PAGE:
Uganda accuses US of trying to impose ‘LGBT agenda’ with new sanctions

Protestors stand next to a uniformed officer, holding red signs that read "drop the anti-gay bill."

Uganda has condemned the United States and accused them of trying to push an “LGBT agenda” in Africa after Washington announced new sanctions against Ugandan officials.

The US confirmed on Monday (4 December) that they would expend visa restrictions on Ugandan officials that it deems responsible for repressing several marginalised groups, including the LGBTQ+ community with the controversial anti-LGBTQ+ law introduced this year.

Uganda’s president signed an Anti-Homosexuality Bill into law earlier this year, which criminalises anyone in the country who identifies as LGBTQ+. 

Ugandan officials have accused the US of pushing an “LGBT agenda” with new sanctions. (GUILLEM SARTORIO/AFP via Getty Images)

Those who identify as queer could face up to 20 years in prison. Meanwhile, those found guilty of “aggravated homosexuality” under the act could face punishment as harsh as the death penalty.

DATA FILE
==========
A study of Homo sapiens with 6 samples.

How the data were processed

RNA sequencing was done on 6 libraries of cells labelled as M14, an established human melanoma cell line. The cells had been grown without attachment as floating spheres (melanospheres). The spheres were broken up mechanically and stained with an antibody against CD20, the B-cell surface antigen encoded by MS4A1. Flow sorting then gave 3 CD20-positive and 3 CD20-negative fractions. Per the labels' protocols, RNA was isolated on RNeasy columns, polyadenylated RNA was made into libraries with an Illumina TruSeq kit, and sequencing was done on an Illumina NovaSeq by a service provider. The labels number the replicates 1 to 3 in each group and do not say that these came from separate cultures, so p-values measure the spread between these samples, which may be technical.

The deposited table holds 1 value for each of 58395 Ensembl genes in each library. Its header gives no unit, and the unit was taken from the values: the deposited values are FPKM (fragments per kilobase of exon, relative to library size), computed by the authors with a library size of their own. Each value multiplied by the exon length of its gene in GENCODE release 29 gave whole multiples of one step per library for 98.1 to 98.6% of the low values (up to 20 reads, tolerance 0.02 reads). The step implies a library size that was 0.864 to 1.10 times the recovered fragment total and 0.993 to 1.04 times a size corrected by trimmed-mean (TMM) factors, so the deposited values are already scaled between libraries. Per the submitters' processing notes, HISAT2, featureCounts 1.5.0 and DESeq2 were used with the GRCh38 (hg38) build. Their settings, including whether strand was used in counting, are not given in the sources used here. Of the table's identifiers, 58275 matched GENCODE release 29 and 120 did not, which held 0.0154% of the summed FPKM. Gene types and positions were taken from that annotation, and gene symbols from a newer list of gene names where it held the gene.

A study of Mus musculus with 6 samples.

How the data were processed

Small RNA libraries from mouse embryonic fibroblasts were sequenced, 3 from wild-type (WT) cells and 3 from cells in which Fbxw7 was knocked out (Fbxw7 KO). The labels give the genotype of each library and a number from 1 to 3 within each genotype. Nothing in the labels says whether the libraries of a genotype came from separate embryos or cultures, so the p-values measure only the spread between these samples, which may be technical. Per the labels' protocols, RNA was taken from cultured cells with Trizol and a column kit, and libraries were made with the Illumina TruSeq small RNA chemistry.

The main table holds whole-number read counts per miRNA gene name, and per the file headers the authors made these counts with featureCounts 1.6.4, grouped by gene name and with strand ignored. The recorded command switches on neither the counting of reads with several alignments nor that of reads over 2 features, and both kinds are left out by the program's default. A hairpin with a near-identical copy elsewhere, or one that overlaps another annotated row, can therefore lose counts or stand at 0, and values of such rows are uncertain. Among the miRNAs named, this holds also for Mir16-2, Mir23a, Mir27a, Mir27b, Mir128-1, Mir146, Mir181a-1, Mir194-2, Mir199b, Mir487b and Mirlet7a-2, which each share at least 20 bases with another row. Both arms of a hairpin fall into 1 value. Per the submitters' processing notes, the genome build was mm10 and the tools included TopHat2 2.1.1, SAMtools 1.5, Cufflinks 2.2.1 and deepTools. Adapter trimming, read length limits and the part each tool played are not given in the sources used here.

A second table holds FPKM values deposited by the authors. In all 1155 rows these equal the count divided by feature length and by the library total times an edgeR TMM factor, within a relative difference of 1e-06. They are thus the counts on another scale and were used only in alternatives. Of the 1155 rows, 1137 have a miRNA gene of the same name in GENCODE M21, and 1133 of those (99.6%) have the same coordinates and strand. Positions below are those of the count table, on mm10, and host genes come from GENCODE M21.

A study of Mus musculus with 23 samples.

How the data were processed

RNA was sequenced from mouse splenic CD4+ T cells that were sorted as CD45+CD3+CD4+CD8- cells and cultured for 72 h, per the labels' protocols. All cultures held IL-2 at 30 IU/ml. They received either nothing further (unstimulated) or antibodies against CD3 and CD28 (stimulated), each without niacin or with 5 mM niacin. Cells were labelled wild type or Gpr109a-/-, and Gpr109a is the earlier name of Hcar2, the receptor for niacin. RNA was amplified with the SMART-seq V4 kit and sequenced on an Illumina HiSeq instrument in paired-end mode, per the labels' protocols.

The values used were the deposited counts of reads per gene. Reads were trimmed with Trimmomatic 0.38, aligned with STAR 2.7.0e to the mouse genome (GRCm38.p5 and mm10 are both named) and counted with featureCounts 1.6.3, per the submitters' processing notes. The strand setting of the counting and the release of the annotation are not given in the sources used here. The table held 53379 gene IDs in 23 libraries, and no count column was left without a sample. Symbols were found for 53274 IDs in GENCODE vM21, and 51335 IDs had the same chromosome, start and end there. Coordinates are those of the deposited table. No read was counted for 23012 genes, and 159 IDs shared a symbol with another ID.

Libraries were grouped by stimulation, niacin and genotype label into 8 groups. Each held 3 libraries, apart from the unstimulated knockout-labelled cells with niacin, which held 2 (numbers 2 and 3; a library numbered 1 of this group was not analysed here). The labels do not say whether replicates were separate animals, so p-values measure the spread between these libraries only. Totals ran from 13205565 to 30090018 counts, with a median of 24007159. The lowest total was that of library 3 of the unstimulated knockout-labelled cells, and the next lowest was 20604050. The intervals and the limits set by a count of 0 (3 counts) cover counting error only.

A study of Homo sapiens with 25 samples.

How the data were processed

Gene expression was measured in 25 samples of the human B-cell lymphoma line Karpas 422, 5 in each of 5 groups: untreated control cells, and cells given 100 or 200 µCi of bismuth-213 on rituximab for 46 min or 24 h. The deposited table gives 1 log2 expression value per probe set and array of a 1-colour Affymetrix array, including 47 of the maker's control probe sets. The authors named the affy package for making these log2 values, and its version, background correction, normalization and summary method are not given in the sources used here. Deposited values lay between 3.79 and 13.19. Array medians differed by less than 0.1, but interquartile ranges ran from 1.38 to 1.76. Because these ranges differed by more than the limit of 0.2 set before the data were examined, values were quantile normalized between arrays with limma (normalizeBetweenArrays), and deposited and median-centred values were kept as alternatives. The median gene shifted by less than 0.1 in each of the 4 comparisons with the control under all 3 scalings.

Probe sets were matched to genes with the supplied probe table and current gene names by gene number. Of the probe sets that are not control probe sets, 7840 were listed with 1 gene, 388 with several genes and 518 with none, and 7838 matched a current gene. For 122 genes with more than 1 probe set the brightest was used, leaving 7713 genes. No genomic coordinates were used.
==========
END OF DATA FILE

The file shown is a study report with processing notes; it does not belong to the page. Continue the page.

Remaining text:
Already, the law has seen a notable spike in homophobic abuse and a number of arrests.

Announcing the visa restrictions on Monday, US Secretary of State Antony Blinken said: “Today, I am announcing the expansion of the visa restriction policy to include current or former Ugandan officials or others who are believed to be responsible for, or complicit in, undermining the democratic process in Uganda or for policies or actions aimed at repressing members of marginalized or vulnerable populations.


The move comes after President Joe Biden announced in October that he planned to end the US relationship with Uganda, and several other African countries over what he described as “gross violations” of human rights.

Joe Biden announced his intentions to terminate economic ties with Uganda and others. (Getty)

In response, Uganda’s State Minister for Foreign Affairs, Henry Okello Oryem, has criticised the US and vowed that his government will not yield to the country’s “LGBT agenda”.

“There’s a coup at the State Department in the U.S. It is being taken over by people who are pushing the LGBT agenda in Africa,” said Oryem, per Reuters.

“Why don’t they impose the same sanctions on the Middle Eastern countries which have the same or harsher laws against LGBT?

“If they deny our MPs visas they will [go] to Shanghai, Guangzhou. There are very many beautiful places to visit.”

These visa restrictions are just the latest response to Uganda’s Anti-Homosexuality Bill.

A primary round of visa restrictions on Ugandan officials was issued by the US back in June. In August, the World Bank cut off all new lending to the African country because its controversial law “fundamentally contradicts the World Bank Group’s values.”